The Great Gatsby (Review)

Cincy Shakes' latest production explores the inescapable past

The Great Gatsby at Cincy Shakes
The Great Gatsby at Cincy Shakes

F. Scott Fitzgerald’s 1925 Jazz Age novel, The Great Gatsby, is generally considered a great American novel. It’s been made into several films — none truly successful — and there’s only one stage adaptation authorized by Fitzgerald’s estate. Cincinnati Shakespeare Company is giving that script by Simon Levy its regional premiere to launch its 21st season. Staged by Brian Phillips, the production gets the story and the era right, but it misses the potential slam-dunk that Fitzgerald’s tale of deceit and the failure of the American Dream should provide.

The story of Jay Gatsby’s obsession with Daisy Buchanan is narrated by her cousin, Nick Carraway. CSC actor Justin McCombs perfectly embodies this honest observer, framing the story and recalling it with revelatory monologues that provide profound insights into the mores and values of the 1920s. 

Nick’s observations are rendered as McCombs steps to the edge of the stage, beyond the dreamscape set designed and evocatively lit by Andrew Hungerford. The shimmering blue-sky backdrop has several metaphorical cracks, revealing plaster and lath, suggesting that Gatsby’s story might be a façade obscuring something not so glamorous as might be imagined at first glance.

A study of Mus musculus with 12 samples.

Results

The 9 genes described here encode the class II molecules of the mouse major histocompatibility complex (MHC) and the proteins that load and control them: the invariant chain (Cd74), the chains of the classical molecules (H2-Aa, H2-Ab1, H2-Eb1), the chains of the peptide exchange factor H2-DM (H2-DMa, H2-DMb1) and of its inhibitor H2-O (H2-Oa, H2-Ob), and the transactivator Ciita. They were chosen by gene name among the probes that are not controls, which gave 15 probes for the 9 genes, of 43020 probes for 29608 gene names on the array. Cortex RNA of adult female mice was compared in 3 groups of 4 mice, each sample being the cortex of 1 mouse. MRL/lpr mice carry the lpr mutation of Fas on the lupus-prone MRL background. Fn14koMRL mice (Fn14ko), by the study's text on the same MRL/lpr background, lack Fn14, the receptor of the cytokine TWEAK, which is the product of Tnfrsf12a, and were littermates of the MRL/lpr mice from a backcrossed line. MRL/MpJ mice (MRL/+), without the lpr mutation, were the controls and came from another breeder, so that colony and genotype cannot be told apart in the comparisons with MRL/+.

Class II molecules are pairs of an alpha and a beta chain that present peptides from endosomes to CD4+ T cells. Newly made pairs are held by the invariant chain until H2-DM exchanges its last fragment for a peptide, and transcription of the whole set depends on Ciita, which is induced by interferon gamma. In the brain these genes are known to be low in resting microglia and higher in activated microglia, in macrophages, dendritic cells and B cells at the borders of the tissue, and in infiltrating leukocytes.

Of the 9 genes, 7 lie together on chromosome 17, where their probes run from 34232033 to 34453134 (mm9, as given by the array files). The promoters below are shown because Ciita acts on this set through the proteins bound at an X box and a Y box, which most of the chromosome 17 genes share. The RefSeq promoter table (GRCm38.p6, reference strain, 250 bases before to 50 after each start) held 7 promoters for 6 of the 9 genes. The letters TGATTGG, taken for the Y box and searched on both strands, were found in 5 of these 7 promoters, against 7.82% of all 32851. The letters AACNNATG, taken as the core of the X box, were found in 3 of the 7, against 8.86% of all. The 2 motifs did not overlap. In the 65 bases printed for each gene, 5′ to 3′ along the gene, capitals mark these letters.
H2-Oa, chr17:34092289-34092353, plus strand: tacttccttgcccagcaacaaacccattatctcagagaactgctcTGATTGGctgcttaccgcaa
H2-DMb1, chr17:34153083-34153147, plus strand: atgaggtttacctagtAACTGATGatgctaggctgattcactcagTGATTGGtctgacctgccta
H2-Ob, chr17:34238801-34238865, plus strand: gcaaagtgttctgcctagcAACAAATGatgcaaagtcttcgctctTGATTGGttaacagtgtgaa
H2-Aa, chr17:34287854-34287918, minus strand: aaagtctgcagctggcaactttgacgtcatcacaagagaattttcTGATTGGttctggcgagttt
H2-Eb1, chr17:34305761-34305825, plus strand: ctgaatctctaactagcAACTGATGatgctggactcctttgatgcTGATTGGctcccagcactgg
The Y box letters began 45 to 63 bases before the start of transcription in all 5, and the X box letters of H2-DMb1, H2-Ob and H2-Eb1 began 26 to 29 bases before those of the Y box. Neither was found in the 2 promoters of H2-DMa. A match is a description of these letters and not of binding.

Nick is a well rounded, intriguing character, but he’s surrounded by one-dimensional people. Gatsby (played handsomely but monotonously by Jared Joplin) is especially a cipher, a man whose backstory is rife with rumor, innuendo and self-aggrandizement. Singularly motivated by his passion for a memory of Daisy as a sweet young debutante in Louisville, he lacks a moral center.

As Gatsby’s obsession, Sara Clark is vivacious, effervescent and fragile. She’s also indecisive and materialistic — her voice is “full of money” — which motivated her to marry the churlish millionaire Tom Buchanan (Billy Chace captures him as a racist lout). He’s the villain, treating Daisy callously while engaging in a sordid affair with vulgar Myrtle Wilson (Miranda McGee). Nick has a momentary infatuation with manipulative amateur golfer Jordan Baker (Kelly Mengelkoch), Daisy’s friend and confidante, but it doesn’t last. 

Nick disdains these shallow people, yet he’s drawn into their world and ultimately cares about Gatsby when others abandon him. The production is true to Fitzgerald’s text, culminating in Nick’s enlightenment regarding the powerful pull of the past. But the passion that should fuel the story’s engine fails to erupt.


THE GREAT GATSBY, presented by Cincinnati Shakespeare Company, continues through Oct. 4.